Food vendor safety

MASON CITY, Iowa – RAGBRAI, county fairs, and barbecue bash all have one thing in common; food. Folks line up at vendor’s windows for good eats, but you have to make sure that the food is safe. Brian Hanft is an expert on keeping people safe when eating at county fairs and local events. He knows exactly what to look for.

“Some things that we’re looking for are, of course, personal hygiene. Making sure that the food service workers are washing their hands, and wearing gloves when they need to,” says Environmental Health Services Manager, Brian Hanft.

He says, you definitely don’t want that cross contamination from raw to cooked meat. Equally as important as hand washing though, is the temperature of the food.

“We also make sure that the food is cooked hot and it’s kept cold. We make sure that everything is kept in coolers or refrigerators, those sorts of things,” says Hanft.

He says hot food needs to be kept above 165 degrees, while cold food should be less than 41 degrees. If it sits between those temperatures, it can become contaminated quickly. Scott Nelson isn’t new to the vendor scene, and he knows how important it is to keep food at the right temperature.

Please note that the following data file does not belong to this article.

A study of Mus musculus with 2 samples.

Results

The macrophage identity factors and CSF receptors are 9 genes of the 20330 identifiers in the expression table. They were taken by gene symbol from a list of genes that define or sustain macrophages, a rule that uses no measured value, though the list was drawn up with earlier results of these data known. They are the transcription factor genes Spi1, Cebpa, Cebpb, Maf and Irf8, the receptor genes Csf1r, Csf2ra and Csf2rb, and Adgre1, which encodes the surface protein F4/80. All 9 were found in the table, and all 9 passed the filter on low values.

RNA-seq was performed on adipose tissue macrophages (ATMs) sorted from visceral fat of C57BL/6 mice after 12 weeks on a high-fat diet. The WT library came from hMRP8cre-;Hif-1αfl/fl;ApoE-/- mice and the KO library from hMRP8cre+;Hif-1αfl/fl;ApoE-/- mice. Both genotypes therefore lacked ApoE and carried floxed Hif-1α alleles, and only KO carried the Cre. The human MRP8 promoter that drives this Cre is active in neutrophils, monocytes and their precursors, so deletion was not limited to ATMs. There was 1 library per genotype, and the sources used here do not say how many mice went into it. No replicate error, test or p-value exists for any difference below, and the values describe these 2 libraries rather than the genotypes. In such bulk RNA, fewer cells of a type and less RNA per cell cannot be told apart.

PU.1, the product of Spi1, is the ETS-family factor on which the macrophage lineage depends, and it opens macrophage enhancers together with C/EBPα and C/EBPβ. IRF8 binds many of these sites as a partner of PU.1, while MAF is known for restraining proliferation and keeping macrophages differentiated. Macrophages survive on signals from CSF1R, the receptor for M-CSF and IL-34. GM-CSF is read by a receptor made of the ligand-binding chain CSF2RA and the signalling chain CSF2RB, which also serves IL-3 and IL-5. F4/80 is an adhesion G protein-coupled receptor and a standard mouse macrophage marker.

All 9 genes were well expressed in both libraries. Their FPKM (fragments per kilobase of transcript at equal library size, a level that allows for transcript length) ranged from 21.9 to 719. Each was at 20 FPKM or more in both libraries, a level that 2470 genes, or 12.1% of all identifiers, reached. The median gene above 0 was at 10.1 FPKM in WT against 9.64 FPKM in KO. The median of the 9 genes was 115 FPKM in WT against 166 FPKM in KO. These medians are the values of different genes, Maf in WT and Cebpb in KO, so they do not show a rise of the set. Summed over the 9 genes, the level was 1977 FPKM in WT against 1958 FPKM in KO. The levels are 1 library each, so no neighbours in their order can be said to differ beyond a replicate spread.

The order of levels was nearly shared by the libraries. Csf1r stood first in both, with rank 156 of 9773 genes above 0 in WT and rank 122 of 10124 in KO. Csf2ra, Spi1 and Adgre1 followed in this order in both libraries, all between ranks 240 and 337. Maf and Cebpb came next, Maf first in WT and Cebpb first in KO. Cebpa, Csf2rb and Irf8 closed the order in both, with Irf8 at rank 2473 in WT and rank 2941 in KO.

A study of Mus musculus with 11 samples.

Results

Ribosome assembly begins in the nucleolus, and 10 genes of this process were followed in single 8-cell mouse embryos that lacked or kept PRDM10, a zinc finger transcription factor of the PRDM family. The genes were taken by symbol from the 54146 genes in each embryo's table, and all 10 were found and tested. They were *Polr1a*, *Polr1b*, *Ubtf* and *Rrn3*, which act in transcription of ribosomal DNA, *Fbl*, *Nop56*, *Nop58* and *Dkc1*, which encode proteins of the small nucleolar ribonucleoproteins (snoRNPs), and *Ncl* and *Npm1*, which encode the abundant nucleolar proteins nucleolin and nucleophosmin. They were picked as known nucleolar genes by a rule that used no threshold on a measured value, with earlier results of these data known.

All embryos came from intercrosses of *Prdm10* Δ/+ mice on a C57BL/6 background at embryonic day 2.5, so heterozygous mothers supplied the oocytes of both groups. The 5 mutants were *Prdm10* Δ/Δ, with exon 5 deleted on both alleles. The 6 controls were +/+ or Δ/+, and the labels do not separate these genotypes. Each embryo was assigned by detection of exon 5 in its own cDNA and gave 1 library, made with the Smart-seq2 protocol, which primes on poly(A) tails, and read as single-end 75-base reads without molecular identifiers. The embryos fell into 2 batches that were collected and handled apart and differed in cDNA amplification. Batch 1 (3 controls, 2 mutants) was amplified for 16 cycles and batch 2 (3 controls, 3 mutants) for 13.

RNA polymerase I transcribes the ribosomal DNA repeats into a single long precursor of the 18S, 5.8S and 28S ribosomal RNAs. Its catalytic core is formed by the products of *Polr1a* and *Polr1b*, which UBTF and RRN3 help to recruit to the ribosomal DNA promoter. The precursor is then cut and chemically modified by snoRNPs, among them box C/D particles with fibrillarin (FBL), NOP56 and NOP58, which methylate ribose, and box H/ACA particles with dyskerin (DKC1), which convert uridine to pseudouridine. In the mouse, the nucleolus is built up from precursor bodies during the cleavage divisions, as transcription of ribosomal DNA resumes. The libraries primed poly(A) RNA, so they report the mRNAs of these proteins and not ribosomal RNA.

“If the food is sitting at the middle temperature for too long, it gets exposed to bacteria and microorganisms that are never good for your stomach. You don’t want to be sitting on the toilet all day tomorrow after the barbecue,” says BBQ Bash vendor, Scott Nelson.

His team makes sure to get their smokers up to 275 degrees before they put their meat in. That way it gets hot right away.

“Safety is our number one priority. We always try to get our meat up to temp as fast as possible, and if we don’t sell it all, we cool it down as fast as possible,” says Nelson.

If you’re ever questioning an item purchased from a vendor, Hanft has some advice.

“You need to make sure that when you buy something, that it is hot. If the food is warm or it’s cold, and if it feels like it’s not quite temperature correct, then take it back and ask for another product,” says Hanft.

He says in his experience, people do a pretty good job at keeping their customers safe.

“There might always be a few hiccups. People are people, so that’s what we’re there to do. We try to help them out, but for the most part, we have good operators that are providing food,” says Hanft.

According to the center for disease control, around 3000 people die from food borne illnesses each year.